Thursday, November 25, 2010

A Thanksgiving Tale

Once upon a time there was a woman. She had a mother, a father, sisters, a husband and a little girl and a huge extended family. She loved all of these people most dearly, especially the little girl and the little boy she would have a few years later.

Because there were so many aunts, uncles, cousins and a special grandmother, everyone got together for every holiday. At Thanksgiving, there was so much chatter, the wonderful smells of a feast being prepared, the shouts of children playing and it was a picture worthy of Norman Rockwell.

The woman smiled and hugged and held conversations and helped fix the food and behaved as if everything were perfectly normal. She had a hard time understanding why she felt such a hard knot of sadness inside herself. After all, she had moved on, married, had children she could keep and raise and had the approval of her family. So why was it always lacking something? Why was there the feeling that there was something missing? They told her it would get better, that she would forget.

So she tried to do just that. She pushed it all so far down inside herself that she wasn't even really aware of anything except that the edges were off the holiday joy and the champagne of celebration tasted a bit flat. Emotionally, she was like a mouth after a visit to the dentist...partially anesthetized. She stuffed food into that empty hole but it never was filled.

It took years for what was buried to emerge and to be recognized for what it was....grief. For all the normality of the family holiday gatherings, something very abnormal had happened to the woman and it would affect her for the rest of her life. There was abundant love in her for many children and she loved both her raised children very, very much, for who they were. But she also loved two other children and they were not with her, were taken from her and she didn't know where they were or how they were or if they were even still alive. But her mother's heart bled and ached most heavily when there were family events and there were two family members missing. For the sake of the children she was raising, she acted happy and content.

When someone in a family is lost, there is grieving to be done, but the woman was not allowed to grieve openly and receive comfort. When she reunited with her two lost children, she finally gave voice to her mourning and it was heard. That was when she realized that, behind that Norman Rockwell picture of her family gathered at the table, was an 800-pound gorilla being ignored by everyone. In the living room, where the parades and football games played on, an elephant sat square in the middle, also ignored. It was as if, to the rest of her clan, her two lost babies didn't exist.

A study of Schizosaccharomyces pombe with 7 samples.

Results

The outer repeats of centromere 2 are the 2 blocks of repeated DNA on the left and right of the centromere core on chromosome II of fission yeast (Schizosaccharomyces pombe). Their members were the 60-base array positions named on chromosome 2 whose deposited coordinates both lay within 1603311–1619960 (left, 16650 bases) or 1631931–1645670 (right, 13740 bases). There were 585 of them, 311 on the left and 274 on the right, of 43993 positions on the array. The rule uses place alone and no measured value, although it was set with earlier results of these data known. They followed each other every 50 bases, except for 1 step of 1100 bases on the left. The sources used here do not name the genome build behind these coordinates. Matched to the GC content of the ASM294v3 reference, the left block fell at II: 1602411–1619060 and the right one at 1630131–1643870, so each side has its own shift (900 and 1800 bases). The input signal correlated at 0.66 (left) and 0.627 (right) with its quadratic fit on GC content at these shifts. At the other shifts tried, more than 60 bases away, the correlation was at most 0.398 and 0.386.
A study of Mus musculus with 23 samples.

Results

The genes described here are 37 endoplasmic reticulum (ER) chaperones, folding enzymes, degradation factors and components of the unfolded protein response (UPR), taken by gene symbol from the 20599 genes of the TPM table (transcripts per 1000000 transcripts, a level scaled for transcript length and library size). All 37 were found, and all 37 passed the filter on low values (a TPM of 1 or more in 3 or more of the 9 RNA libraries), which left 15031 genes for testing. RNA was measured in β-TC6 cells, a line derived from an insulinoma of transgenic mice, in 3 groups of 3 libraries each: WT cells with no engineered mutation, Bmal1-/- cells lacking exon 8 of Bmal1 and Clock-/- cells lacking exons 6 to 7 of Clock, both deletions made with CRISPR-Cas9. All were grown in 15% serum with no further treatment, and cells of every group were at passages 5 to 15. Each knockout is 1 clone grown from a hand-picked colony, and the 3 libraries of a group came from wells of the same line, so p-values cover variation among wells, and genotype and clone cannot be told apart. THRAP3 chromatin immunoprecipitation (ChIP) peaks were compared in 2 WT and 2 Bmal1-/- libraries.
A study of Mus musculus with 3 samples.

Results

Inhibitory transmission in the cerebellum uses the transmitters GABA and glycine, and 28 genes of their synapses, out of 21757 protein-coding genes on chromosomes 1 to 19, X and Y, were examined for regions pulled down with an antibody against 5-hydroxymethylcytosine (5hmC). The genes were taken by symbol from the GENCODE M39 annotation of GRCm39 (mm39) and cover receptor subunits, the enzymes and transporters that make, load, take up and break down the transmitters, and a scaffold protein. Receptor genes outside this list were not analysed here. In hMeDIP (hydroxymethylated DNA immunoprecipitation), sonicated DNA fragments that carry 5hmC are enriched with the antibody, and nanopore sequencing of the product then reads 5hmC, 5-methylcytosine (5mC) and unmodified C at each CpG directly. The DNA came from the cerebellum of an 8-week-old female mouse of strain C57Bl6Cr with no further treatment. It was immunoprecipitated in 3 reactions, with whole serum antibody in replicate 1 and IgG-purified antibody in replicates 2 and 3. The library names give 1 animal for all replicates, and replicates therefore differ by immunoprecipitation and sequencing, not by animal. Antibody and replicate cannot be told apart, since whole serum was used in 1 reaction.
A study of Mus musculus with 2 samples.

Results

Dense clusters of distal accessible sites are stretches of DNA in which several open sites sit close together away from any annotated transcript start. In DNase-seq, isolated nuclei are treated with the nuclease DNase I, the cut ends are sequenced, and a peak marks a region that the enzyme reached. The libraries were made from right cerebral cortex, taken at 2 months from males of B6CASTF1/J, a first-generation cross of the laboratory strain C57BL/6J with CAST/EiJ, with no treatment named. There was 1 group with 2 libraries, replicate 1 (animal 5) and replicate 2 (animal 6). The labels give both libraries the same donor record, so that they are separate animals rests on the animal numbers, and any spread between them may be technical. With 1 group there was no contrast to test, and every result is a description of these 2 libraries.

Today, turkeys will be roasted, pies will be baked and families will exchange hugs and kisses and it will be a very pretty picture, worthy of a painting. But one wonders how many women will sit at those feast-laden tables feeling that sadness and incompleteness? I pray that there will come a day when no woman will feel that way.

The End.


Unknown said...

Thank you for putting the words to the feeling I have felt for decades! I always loved the holidays, the gathering of kin and clan, the love, the food. But, since losing my son, the holidays were simply to be endured. I didn't really like Thanksgiving, Christmas and New Year's was not a time for reflection, but always, always, always the time to start anew, better. Only the optimistic promise of the New Year quickly soured to yet another day to be endured...

Susie said...

Yes, that is my story too. The sadness of loss underlies every family celebration. One I endured alone, until reunion. Now there are a few who understand, but it is still the elephant in the room.

I also pray for the day that no woman has to feel this way...


Anonymous said...

So much truth in your words, Robin. Enduring with a smile on our face and scar on our heart. Looking back, I think I lived as though the world was flat (it certainly felt that way). If I strayed too far from the very narrow life, thoughts, feelings I allowed myself to have, I would have fallen into an abyss.


Carlynne Hershberger, CPSA said...

Yep, that was me. And my daughter was always in the back of my mind, a faceless child at the dinner table or opening presents or blowing out candles. The idea of her was always there, that thread of connection still there and felt by me but no one else.

Anonymous said...


This is my story too the loss scarred my heart. Only after
reuniting was I able to grieve the loss. Of course no one
cares or understands unless it is another mother. They get
It and understand the grief. While everyone loves the holidays myself included I still even after reunion shed tears
from the loss. Seeing my son's face and hearing his voice
has helped knowing he survived being raised by strangers.
26 years is hell on earth after giving birth and never seeing or holding my baby I am still trying to understand why another woman deserved my baby? She was in a marriage to a man her fathers age, divorced soon after acquiring two newborns what made her the better person to raise my son
she turned out to be a single woman raisng two adopted boys until she found her boss who was her dads age. My son would have been so much better off with me and would have had a mother that was home when he came home and he would have had his mom at his sporting events. The important things to a child but that ring made the difference between her and I what a pitiful situation adoption creates a faux situation.